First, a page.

With the plethora of open source desktop environments available at the moment, it's hard to keep track of all the different features sets. And since KDE, which has recently become my interface of choice, arguably enjoys less media love than alternatives such as GNOME and Unity, it seems only fair to highlight some of the feature changes in its next upcoming release, KDE 4.9. Read on for a look -- and, just maybe, a few compelling reasons to give KDE a try.

To be honest, I've always had a bizarre uneasiness describing myself as a KDE user, a hesitancy I owe mostly to KDE developers' obsession with inserting the letter "K" wherever possible. That's a trait I associate with a certain producer of oversugared donuts, not to mention products such as "krazy" glue. It doesn't make me think of quality software.

Nonetheless, amid all the confusion and upheaval that has struck the Linux world over the last couple years as a new generation of desktop environments -- many of them a bit less mature than some might like -- have hit the stage, KDE has just worked the best for me. And so it's been my desktop environment of choice for several months now on my Ubuntu 12.04 system, although I keep Unity and GNOME Shell on hand as well just in case I need to remind myself why I switched to KDE.

KDE 4.9

Since I'm now more or less an official KDE user, I'm glad to see the KDE developers hard at work on the latest and greatest iteration of their excellent desktop environment. Scheduled for final release Aug. 1, 2012, KDE 4.9 will be the latest version of the KDE 4.x platform, which debuted back in 2008.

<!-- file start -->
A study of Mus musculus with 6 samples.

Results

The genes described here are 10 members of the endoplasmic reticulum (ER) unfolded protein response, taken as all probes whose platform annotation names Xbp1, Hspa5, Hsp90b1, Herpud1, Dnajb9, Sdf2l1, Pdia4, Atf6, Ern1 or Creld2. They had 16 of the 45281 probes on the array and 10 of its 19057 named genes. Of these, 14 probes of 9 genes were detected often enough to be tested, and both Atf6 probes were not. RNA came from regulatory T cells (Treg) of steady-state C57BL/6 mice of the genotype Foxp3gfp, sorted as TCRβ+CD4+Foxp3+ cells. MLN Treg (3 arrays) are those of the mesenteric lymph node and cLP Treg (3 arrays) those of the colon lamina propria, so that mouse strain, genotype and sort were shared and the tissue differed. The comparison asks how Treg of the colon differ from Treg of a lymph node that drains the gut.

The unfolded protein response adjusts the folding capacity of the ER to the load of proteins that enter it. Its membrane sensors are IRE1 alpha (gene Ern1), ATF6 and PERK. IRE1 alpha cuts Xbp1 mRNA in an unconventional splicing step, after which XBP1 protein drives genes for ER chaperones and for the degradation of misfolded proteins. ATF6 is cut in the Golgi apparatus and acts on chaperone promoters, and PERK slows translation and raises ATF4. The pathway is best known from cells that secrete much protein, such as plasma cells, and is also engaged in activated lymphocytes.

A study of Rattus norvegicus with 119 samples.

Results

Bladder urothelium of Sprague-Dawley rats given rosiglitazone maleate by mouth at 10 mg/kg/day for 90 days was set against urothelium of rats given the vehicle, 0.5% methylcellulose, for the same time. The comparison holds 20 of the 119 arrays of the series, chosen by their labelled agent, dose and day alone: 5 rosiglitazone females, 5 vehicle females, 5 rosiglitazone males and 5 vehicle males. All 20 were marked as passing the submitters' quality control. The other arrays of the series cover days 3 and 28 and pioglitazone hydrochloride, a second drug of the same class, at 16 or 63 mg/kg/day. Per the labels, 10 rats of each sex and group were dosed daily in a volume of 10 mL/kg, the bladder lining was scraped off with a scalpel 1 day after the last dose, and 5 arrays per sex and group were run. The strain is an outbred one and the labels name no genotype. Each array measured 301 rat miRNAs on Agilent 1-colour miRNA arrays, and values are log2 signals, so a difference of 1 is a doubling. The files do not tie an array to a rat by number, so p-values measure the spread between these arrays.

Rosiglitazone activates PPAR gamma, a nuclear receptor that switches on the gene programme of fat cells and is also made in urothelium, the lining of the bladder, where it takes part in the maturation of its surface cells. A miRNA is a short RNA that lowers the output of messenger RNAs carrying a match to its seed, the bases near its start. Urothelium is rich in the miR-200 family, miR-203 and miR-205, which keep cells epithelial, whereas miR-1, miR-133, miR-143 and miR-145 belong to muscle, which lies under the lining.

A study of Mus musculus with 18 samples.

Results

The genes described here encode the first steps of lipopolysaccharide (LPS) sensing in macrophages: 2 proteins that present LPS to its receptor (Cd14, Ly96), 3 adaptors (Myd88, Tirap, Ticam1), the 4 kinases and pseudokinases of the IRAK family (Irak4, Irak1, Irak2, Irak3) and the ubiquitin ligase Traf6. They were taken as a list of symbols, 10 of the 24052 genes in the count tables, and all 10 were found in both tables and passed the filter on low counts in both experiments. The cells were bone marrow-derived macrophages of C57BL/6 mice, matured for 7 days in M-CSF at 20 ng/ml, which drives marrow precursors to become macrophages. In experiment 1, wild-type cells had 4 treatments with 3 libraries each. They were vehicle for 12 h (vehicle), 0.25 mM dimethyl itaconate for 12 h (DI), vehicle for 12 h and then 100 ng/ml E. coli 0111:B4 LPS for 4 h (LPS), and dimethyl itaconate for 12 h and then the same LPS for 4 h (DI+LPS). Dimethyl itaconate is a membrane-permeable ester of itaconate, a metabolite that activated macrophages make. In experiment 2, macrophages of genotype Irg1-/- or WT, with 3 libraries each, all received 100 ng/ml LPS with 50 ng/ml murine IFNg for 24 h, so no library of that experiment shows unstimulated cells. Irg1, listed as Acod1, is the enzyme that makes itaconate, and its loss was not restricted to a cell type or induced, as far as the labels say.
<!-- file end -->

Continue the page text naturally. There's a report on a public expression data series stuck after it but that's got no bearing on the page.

The full list of KDE 4.9 features, not all of which have been implemented yet, includes a lot of bug fixes and behind-the-scenes enhancements that won't catch the eyes of many end users. Some of the more notable updates, however, include:
  • Improvements to the "Activities" feature of the KDE Plasma Desktop. Windows and files can now be more easily integrated into an Activity, making this somewhat obscure feature -- for which, admittedly, there is a learning curve and which may not appeal to non-power users -- more useful for those who choose to deploy it.
  • Support for renaming files in the Dolphin file manager in line. The absence of this feature has always been one of my peeves about KDE 4, and I'm excited to see it addressed for the new release.
  • Dolphin now also does smarter searches, taking advantage of file metadata.
  • Tabs in the "Konsole" application -- KDE's native terminal emulator -- can now be dragged out into their own window. Again, this is a pretty simple feature that has been present in other desktop environments for a long time, and it's nice to see it implemented in KDE.
  • Last but not lease, Pairs, a simple but effective memory game, has been added to the KDE Edu package.
Overall, the improvements coming with KDE 4.9 cater mostly to advanced users. People who don't use terminal emulators or understand what metadata is, for example, are less likely to benefit from the changes listed above.

But for those of us with geekier inclinations, the new release of the desktop environment promises to bring some cool new features to what is already a very solid and -- especially compared to Unity and GNOME Shell, which are still working out some kinks -- usable interface.